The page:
Even though the number of Ukrainian refugees registering with Czech immigration police or requesting temporary protection is falling, some regions are overburdened.
The number of temporary protection visas issued by the Czech Republic to Ukrainian refugees keeps dropping as Czechia issued 340 on Saturday, 142 fewer than a week ago.
In total, Czechia has issued 364,431 since Russia invaded Ukraine at the end of February, the interior ministry tweeted on Sunday.
However, some refugees are already leaving Czechia as about 300,000 are currently staying in the country, Interior Minister Vit Rakušan (STAN) told the media last week.
Rakušan estimates that of the approximately 50,000 refugees who have already left the Czech Republic, around half have returned to Ukraine, and half have continued to other countries, mostly Germany.
So far, 280,927 refugees from Ukraine have registered with the Czech immigration police, 1,044 on Saturday alone. The duty to report to the immigration police does not apply to minors under 15, who make up about 30% of the incoming refugees.
Regional refugee assistance centres have been operating all over the country, offering aid with registration, accommodation, personal documents, job mediation and insurance to Ukrainians.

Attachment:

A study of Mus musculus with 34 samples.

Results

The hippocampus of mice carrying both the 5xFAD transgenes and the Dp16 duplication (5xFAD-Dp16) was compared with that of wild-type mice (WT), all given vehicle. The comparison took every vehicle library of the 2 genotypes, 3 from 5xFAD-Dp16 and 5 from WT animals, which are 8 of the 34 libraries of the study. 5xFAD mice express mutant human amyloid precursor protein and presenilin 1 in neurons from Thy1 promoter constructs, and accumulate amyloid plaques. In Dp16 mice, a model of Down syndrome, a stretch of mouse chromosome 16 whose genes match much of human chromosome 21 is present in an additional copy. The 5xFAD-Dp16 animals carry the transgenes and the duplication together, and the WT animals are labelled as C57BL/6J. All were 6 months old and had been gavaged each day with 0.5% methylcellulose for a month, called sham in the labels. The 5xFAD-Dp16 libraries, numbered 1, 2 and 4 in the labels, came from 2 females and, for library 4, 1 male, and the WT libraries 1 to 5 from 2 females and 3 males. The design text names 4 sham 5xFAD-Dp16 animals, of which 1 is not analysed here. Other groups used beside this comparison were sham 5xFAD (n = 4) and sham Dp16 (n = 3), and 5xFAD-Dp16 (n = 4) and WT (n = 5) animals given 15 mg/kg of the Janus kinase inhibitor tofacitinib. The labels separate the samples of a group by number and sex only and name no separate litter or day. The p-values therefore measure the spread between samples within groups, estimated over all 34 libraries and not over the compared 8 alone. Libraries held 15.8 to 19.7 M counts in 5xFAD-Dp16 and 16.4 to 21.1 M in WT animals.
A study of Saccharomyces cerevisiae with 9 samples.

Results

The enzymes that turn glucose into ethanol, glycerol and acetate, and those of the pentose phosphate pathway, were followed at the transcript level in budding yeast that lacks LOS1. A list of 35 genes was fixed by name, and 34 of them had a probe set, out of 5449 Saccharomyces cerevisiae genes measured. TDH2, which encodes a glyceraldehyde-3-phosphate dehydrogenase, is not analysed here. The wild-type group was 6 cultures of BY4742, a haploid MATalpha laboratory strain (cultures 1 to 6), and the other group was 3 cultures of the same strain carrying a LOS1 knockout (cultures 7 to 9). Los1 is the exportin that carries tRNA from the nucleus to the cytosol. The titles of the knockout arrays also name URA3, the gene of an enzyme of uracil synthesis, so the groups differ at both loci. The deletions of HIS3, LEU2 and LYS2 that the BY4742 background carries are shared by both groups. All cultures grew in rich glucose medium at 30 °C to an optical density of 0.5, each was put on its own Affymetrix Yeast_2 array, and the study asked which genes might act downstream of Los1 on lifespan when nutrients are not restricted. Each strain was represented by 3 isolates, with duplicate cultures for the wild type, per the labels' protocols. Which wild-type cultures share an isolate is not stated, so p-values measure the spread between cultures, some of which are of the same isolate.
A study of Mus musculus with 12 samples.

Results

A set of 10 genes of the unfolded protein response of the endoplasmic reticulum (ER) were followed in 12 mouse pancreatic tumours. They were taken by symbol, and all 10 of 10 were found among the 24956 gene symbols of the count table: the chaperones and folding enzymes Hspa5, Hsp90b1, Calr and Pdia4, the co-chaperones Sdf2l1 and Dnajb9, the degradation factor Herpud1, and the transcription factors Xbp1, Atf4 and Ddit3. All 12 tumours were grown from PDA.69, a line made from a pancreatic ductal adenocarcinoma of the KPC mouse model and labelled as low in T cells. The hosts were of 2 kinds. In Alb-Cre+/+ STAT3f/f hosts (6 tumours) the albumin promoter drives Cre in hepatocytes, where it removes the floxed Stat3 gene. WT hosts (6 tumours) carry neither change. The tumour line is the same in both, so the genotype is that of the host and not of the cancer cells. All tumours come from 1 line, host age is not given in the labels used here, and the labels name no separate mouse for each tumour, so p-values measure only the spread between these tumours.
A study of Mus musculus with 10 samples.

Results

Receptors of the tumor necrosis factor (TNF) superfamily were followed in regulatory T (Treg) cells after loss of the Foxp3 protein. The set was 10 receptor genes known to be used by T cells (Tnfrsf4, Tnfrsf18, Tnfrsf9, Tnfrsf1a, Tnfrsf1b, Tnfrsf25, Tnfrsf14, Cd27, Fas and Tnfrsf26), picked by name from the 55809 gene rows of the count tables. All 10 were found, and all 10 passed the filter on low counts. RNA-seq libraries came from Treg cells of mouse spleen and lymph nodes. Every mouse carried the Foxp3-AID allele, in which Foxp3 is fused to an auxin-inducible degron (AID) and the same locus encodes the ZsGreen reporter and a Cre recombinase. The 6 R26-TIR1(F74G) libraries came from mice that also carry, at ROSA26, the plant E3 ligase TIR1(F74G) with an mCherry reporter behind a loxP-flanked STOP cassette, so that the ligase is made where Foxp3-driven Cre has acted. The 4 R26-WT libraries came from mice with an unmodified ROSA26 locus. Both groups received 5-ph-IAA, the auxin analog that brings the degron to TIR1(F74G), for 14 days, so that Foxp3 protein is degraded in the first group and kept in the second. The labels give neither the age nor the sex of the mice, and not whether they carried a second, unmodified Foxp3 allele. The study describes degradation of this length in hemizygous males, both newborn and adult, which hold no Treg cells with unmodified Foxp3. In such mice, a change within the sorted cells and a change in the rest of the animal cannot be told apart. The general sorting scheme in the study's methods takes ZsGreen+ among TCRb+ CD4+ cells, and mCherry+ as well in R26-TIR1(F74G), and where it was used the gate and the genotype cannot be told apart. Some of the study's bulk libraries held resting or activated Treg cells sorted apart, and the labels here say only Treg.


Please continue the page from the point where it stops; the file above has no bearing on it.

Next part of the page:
Prague Mayor Zdeněk Hřib (Pirates) announced on Wednesday (1 June) that the big regional centre in the capital would close as of 15 June because Prague was overburdened.
The city has had to resort to building tent cities where refugees have poor living conditions. The city’s mayor is demanding a system of relocation of refugees to the less overloaded regions of the country.
The Czech Republic will cope with the situation even if the Prague centre closes, Rakušan said. Prime Minister Petr Fiala (ODS) is to debate the issue with Hřib on 17 June.
In an interview with Seznam Zprávy last week, the government’s newly appointed Human Rights Commissioner, Klára Šimáčková Laurenčíková, stressed that in the coming months, it will be necessary to distribute the refugees evenly throughout the Czech Republic to places where they can find work, schools and accommodation.